Please Stop!


Dear {name of organization},

I know {PICK ONE: from your previous work, from our conversations, from your reputation} that you are passionate about addressing our climate challenges. As such, I was very surprised at the contents of the large {PICK ONE: FEDEX, Express mail, mail} package that recently arrived for me.

While I’m sure that your {PICK ONE: marketing collateral, report} is interesting and informative, I have to tell you that I recycled it to the best of my ability without reading it. All of the information that you chose to send to me (remember, I didn’t ask for it), is already available online or could easily be put there. That way I could access it for effectively zero environmental cost, compared to your approach, which was far more wasteful. In addition to the impact of shipping your package, your material {CHOOSE ALL THAT APPLY: used non-recycled paper, is printed with inks that will make it hard to recycle, is bound in a way that makes it hard to recycle, has lots of environmentally unfriendly glossy pictures, included excess packaging, was shipped by air even though it wasn’t time critical}.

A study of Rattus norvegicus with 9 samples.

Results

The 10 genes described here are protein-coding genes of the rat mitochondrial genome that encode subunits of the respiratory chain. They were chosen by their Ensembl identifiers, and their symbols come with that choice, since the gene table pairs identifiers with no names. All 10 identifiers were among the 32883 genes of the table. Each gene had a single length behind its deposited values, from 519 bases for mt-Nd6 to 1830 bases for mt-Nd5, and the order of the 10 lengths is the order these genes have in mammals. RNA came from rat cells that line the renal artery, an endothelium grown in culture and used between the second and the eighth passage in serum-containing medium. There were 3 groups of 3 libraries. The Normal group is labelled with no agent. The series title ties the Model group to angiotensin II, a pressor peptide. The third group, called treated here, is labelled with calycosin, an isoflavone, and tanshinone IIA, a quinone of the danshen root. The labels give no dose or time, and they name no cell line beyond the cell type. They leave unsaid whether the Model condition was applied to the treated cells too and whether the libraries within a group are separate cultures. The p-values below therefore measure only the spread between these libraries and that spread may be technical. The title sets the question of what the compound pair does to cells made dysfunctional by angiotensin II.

As Marshall Mcluhan said, the medium is the message. Your message to me was that you only care about the environment when its convenient. I doubt that is the message that you really wanted to send, but that’s what arrived in my mailbox.

If you’d still like me to take a look at some of your stuff, I’ll look forward to an email with an attachment or link to the material.




I just arrived back from an series of trips to find about a foot of mail, and the bulk of it was stacks of unsolicited material from supposedly sustainable organizations. Presumably you know who you are and can customize the letter above appropriately.

For the rest of you, feel free to reuse this letter yourself. Let’s put an end to the insanity!